Israel, Turkey ETFs In Focus As Another Showdown Looms

by on June 4, 2010 | ETFs Mentioned:

With the fallout from last week’s conflict between the Israeli navy and a flotilla seeking to deliver aid to the Gaza Strip still raining down on the Middle East, the next escalation of tensions may not be far off. An Irish ship carrying pro-Palestinian activists and supplies was closing in on Gaza Friday afternoon, and Prime Minister Benjamin Netanyahu had vowed to intercept the vessel before it reached its destination.

The Rachel Corrie, named after an American student killed in the Gaza Strip by and Israel Defense Forces bulldozer, was reportedly carrying about 20 passengers and crew, most of them Irish citizens. Medical supplies, toys, and cement were also on board, scheduled to be delivered to the blockaded area now controlled by Hamas. Israel had offered to allow the ship to dock in the port of Ashdod, and said that it would deliver the aid to Gaza after inspection. “We have no desire for a confrontation,” said Israeli’s foreign ministry in a statement Friday. “We have no desire to board the ship.” But a spokesman for the government noted that if the ship refused to dock before reaching Gaza “we will intercept.”

Middle East ETFs In Focus

The escalation in tensions added additional pressure to regional stocks already reeling from concerns about halting growth in the euro zone. As criticism from both allies and traditional foes mounted over the past week, the iShares MSCI Israel ETF (EIS) has seen volumes surge, trading up to five times the daily average for much of this week. EIS sunk by almost 5% immediately after the the first flotilla was intercepted and the initial wave of casualties was reported, but had claimed back some of that ground in subsequent sessions. The Israel ETF was once again sharply lower on Friday, as investors braced for another conflict at sea (see Israel ETF Plunges After Deaths At Sea).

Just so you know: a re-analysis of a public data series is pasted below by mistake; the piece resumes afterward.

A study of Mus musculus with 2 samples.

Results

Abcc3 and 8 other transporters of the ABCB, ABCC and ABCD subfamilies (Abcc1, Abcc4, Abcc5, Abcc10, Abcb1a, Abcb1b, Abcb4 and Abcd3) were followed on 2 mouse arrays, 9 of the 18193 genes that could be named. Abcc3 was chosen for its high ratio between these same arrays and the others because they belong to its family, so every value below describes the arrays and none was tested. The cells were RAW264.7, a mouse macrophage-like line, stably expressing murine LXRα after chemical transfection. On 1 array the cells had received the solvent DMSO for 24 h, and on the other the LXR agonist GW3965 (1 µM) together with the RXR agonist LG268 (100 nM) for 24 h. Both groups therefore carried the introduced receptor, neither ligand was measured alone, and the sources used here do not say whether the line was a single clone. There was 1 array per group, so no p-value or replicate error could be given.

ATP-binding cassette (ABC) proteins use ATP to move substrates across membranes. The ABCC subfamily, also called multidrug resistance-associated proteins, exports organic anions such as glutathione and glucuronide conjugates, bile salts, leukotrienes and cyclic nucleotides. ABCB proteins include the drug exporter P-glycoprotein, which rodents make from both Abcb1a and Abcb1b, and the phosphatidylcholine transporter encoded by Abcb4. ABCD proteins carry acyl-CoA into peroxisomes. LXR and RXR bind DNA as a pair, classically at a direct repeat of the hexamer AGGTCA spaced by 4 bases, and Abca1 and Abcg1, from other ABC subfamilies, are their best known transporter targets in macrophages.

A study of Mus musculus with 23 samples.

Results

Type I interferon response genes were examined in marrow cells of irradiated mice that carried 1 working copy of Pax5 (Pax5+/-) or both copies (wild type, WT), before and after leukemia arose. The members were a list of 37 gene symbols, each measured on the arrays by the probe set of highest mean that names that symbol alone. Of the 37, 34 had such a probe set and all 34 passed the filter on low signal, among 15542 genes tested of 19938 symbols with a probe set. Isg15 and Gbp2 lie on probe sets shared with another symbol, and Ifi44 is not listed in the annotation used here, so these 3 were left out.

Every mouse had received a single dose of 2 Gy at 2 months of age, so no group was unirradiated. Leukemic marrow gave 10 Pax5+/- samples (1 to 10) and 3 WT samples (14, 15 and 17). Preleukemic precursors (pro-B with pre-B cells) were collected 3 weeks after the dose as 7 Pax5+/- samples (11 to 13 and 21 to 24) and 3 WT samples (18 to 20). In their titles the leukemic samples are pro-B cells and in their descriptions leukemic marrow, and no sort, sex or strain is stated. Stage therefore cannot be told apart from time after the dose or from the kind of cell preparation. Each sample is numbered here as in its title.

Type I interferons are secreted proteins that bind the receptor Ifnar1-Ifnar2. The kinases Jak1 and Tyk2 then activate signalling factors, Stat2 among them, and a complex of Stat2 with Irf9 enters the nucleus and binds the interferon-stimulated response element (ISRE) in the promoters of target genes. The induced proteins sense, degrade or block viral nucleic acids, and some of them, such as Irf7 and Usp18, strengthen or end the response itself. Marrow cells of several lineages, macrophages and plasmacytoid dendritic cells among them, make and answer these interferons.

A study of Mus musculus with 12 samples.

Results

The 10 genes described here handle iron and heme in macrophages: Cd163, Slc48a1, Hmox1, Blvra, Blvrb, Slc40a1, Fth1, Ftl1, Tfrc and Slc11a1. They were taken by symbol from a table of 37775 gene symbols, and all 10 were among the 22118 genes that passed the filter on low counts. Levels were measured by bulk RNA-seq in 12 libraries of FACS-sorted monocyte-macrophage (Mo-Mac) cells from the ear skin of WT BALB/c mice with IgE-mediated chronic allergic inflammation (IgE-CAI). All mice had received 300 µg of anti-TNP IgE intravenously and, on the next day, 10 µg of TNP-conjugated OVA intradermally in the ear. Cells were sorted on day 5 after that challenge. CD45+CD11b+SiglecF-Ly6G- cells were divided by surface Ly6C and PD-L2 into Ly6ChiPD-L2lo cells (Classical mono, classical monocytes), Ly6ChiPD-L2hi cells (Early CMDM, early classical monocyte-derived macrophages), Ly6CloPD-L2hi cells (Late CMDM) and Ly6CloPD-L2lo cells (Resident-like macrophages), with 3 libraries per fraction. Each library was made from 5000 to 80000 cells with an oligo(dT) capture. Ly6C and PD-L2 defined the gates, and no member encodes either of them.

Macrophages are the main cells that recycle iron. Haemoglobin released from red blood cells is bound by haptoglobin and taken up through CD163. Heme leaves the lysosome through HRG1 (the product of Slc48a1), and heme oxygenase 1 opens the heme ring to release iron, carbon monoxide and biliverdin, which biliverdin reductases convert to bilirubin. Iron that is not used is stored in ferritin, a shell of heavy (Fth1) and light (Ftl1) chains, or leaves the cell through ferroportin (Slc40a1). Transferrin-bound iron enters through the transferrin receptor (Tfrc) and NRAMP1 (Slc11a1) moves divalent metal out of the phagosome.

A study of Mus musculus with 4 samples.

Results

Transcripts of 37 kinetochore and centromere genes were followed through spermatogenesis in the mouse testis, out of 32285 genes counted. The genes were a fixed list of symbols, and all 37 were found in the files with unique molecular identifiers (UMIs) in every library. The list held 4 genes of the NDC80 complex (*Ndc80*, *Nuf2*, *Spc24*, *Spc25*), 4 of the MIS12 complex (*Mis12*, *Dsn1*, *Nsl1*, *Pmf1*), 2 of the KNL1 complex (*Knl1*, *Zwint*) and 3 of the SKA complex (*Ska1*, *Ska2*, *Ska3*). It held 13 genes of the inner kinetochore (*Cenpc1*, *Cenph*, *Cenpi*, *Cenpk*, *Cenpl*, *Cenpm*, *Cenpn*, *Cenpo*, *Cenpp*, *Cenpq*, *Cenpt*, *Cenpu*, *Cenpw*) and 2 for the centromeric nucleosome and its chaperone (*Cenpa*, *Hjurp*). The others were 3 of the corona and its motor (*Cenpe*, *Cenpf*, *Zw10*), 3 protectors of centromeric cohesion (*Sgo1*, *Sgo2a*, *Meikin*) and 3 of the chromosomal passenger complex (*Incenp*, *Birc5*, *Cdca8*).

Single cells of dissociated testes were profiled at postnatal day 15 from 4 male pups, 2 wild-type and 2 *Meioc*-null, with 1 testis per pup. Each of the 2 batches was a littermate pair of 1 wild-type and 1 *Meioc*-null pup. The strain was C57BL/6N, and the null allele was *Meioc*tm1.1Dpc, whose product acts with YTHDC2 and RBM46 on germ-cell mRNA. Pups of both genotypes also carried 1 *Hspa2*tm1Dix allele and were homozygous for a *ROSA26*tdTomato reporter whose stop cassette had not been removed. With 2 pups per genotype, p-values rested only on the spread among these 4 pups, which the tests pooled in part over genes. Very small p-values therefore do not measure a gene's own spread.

Another ETF to watch as this drama plays out is the iShares MSCI Turkey Investable Market Index Fund (TUR). Tensions between Turkey and Israel seemed to be on the mend in recent months, with the historical rivals scheduled to cooperate in military exercises. But the events of the last week have reportedly moved Turkey to the brink of severing relations with Israel. “Israel cannot find any better friend in the region than Turkey,” said Namik Tan, the Turkish ambassador to the U.S. to a group of reporters on Friday. “And Israel is about to lose that friend.” Demanding that Israel apologize for the death of Turkish citizens aboard the flotilla last week, Tan noted that overwhelming public outrage in Turkey may force the government to sever the relationship.

TUR tracks the MSCI Turkey Investable Market Index, a benchmark made up of about 100 of the largest companies listed of Turkish stock exchanges. TUR, which has been one of the top-performing equity ETFs over the last year, was down nearly 5% in Friday trading, as anxiety over the impact of the economic impact of the sudden rift with Israel intensified.

Disclosure: No positions at time of writing.